I support audiobooks. I think they are Real Reading. But they are often not for me, because my brain has a habit of not paying attention to the cadence of most audiobook readers, causing me to zone out. But when a trusted Goodreads friend sang the praises of the audiobook version of “Such a Fun Age” by Kiley Reid, I decided to give it a try on Overdrive. If I didn’t like it, I could just return it.
Consider this my endorsement of occasionally re-trying things you thought weren’t to your taste. Nicole Lewis is an excellent audiobook narrator, giving subtle voice changes for each character but imbuing everything with warmth. I felt like I was part of a story being told instead of having a text read to me.
Of course it helps that the book is excellent. It’s a fast-paced contemporary story of human relationships and drama with a lot to unpack about how race and class affect romance, work and friendship in modern America.
Emira Tucker, the protagonist, is a Black woman in her 20s, working as a nanny for Alix Chamberlain. Alix is a white mom-trepreneur and blogger whose online presence is based on writing letters to companies and getting things for free. When the Chamberlain’s residence is egged one night, Alix calls Emira on short notice to take care of Briar, her toddler. Emira takes Briar to one of their favorite places, the upscale grocery store near the Chamberlain’s house. There, a white woman accuses Emira of kidnapping Briar, and Emira is detained by a guard. A young man, Kelley, films the encounter and, later, starts dating Emira. Little does she know that he is connected to Alix’s past.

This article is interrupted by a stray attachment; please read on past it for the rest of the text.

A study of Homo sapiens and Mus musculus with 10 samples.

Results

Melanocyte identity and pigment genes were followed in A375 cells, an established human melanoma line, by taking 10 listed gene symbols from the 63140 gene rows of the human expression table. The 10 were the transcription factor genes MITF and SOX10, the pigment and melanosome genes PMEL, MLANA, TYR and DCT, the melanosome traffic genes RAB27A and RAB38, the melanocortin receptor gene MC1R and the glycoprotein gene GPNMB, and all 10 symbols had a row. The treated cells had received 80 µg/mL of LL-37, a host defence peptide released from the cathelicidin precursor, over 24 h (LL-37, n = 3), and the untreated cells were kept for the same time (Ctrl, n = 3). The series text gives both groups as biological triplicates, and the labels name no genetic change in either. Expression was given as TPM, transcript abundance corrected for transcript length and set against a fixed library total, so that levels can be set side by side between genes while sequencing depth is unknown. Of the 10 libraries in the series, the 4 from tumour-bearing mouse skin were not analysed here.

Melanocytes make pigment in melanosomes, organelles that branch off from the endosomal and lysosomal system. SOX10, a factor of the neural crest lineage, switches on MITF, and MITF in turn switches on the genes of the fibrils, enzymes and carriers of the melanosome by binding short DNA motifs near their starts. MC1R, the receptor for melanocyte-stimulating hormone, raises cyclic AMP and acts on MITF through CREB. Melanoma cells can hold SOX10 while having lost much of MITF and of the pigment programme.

While Emira is just trying to get health insurance and find her place in the world, she is caught in the white savior/high school vengeance machinations of Alix. As Alix becomes more obsessed with Emira, eventually starting to spy on her phone, she becomes aware of Kelley and it brings up painful memories. Alix’s need to prove that her version of that night is the right one once and for all will catalyze all three characters’ relationships to each other.
It’s a book that may cause cringing and anger because of the actions of its characters, but it doesn’t provide easy answers. I’ve seen other readers mention that they found the dialogue distracting in the print book, which makes me even happier to have experienced the audio version, where I think Lewis’s work brings extra levels of meaning and character to the dialogue.